Product Reviews

Product Review: Final Draft 8


by G.N. Jacobs

Final Draft 8 as the latest version in a long line (twenty years at least) of software designed to automate the process of getting our words into proper screenplay format would seem nearly so ubiquitous that pack your bags, fellas, it’s all over but the shouting would be the phrase of the day. Believe it or not, but there are still competitors lurking out there (Movie Magic, Celtx, etc.), so perhaps this review is required. Actually, I mostly want to talk about the iPad app version and how it integrates with the desktop software.

Final Cut became the screenwriting analog of how MS Office left WordPerfect broken by the side of the road wondering who was that masked writing program that just slashed my jugular by making nice with the Assistant Director, Script Supervisor and Production Manager. Legend has it that it was these departments that developed modern screenplay format in the first place, before the writers could unionize and complain, but I digress. When the production people started using Final Draft to do their jobs, then various writers went along because if the script file had to be in FDR or later FDX on set, then you might as well go to the source. The competitors made their programs Final Draft compatible to stay in the game.

Screen from the Final Draft 8 App for the iPad

Screen from the Final Draft 8 App for the iPad

There isn’t much to say about the desktop Final Draft that hasn’t already been said, it works because the creators have had a long time to make it work for everybody, writers and ADs. The desktop version can manipulate a script in any way required and export that information to software used by the various departments on set. They thoughtfully included a lot of templates for currently popular shows, comic books, plays and comic books. You can even write a novel from the desktop version. For $300, the desktop program will do almost everything, except AV scripts.

Final Draft 8 came about when certain app makers started finding ways to write screenplays on our mobile tech. It started with Black Mana’s two versions of Screenplay that Final Draft initially supported, but others jumped in. Final Draft decided it would be easier and more profitable to update everyone who wanted to work on a mobile device to a new version as a way to solve coding problems. My upgrade was $40. After they had the experience from working with Black Mana, they then built their own iPad- only application. At $10/app, they haven’t looked back, because Final Draft is still the source.

The app is awesome for lots of reasons starting with the fact that the coders thoughtfully give the four templates we need most—Screenplay, Play, Hour TV and Sitcom with all the elements included (no omitting Shot, like Black Mana’s Screenplay). True, I’m sure the sharp-eyed reader has read my bio and asked “aren’t you also a comic book writer?” My comic book template is just a simple tweak of the Screenplay template; I’ll live.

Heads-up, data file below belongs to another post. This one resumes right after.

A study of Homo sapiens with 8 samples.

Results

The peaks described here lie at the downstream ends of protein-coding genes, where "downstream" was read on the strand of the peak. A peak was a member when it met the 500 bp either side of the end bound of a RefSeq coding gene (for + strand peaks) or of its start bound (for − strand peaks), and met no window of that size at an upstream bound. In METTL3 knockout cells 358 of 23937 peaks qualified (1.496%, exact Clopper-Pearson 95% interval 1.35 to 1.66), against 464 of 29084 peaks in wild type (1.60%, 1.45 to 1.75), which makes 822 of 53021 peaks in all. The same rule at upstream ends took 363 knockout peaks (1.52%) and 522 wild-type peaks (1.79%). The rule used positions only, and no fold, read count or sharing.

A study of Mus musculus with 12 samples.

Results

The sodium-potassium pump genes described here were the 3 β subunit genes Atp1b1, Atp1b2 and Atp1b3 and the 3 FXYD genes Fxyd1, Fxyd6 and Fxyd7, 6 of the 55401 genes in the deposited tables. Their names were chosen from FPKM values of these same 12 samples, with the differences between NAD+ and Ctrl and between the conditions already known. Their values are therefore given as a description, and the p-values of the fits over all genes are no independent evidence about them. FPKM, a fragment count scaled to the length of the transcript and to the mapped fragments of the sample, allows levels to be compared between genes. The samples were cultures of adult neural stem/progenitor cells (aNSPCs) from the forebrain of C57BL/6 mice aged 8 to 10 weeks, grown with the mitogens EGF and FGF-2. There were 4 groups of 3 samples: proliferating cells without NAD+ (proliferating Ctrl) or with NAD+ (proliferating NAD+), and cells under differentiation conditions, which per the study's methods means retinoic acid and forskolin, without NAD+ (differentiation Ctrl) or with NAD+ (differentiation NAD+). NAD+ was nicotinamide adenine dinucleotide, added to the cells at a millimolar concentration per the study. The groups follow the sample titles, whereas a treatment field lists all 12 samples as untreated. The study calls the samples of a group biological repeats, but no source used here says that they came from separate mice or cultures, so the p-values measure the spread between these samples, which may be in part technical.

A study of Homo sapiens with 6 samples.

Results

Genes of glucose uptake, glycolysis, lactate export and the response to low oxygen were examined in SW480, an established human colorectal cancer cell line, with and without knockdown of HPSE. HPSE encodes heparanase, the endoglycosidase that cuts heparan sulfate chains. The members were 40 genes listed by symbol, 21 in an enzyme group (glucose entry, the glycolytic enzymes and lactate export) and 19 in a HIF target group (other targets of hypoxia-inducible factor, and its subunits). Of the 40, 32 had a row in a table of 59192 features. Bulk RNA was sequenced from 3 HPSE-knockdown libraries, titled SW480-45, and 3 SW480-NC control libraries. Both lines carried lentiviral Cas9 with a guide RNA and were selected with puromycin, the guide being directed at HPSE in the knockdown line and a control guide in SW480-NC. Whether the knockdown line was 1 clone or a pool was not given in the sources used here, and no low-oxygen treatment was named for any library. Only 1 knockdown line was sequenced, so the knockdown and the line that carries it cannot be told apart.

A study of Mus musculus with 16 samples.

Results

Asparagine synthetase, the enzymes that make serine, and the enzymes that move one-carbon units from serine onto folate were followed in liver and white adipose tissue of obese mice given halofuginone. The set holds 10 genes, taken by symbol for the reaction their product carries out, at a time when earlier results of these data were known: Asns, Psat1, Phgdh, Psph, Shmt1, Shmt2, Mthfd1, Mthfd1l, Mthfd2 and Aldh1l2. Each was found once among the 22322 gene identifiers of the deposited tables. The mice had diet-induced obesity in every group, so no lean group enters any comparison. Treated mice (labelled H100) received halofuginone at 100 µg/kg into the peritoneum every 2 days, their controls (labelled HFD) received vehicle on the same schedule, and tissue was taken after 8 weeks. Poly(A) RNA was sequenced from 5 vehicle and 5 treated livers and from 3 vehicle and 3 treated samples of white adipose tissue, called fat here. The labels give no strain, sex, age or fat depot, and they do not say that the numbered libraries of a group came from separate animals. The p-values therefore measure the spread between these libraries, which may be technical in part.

The primary limitation of any mobile writing app is that the pop-up touch screen keyboard uses up so much of the visible writing space. But, my iPad has been paired up with an external Bluetooth keyboard allowing me to Rock ’n Roll as I type. The font- specific quote marks don’t translate from the app to the computer, but then they don’t do that on most of my other apps either. I fix them later on the computer. And I’ve learned not to start certain types of scripts on the computer based on some of those templates in the desktop version, because I ended up hitting more keys than I should to make the script look right.

I have yet to break what seems to be the unbeatable combo of Final Draft with an awesome app that pretty much behaves as advertised. Part of me would like to see if they come out with an iPhone version and complete the mugging done on Black Mana’s Screenplay, but since the current app can be used offline and synched with Final Draft upon reaching a WiFi node there isn’t much that it won’t do in terms of writing movies.



G.N. Jacobs does a little bit of everything as a writer. His Dead File box was recently whittled down from waist-high to knee-high. Buried in that pile for recycling through his typewriter was at least one attempt at every kind of screenplay known to Man. Diverted by his books: <i>Blood &amp; Ink</i>, <i>The Beast that Almost Ate Los Angeles</i>, <i>Crikey</i> and the upcoming <i>Crimes Against Elves</i>, Mr. Jacobs is back to his roots as a film journalist. He blogs at <a href=""></a>, <a href=""></a>, a companion <a href=""></a> and <a href=""></a>.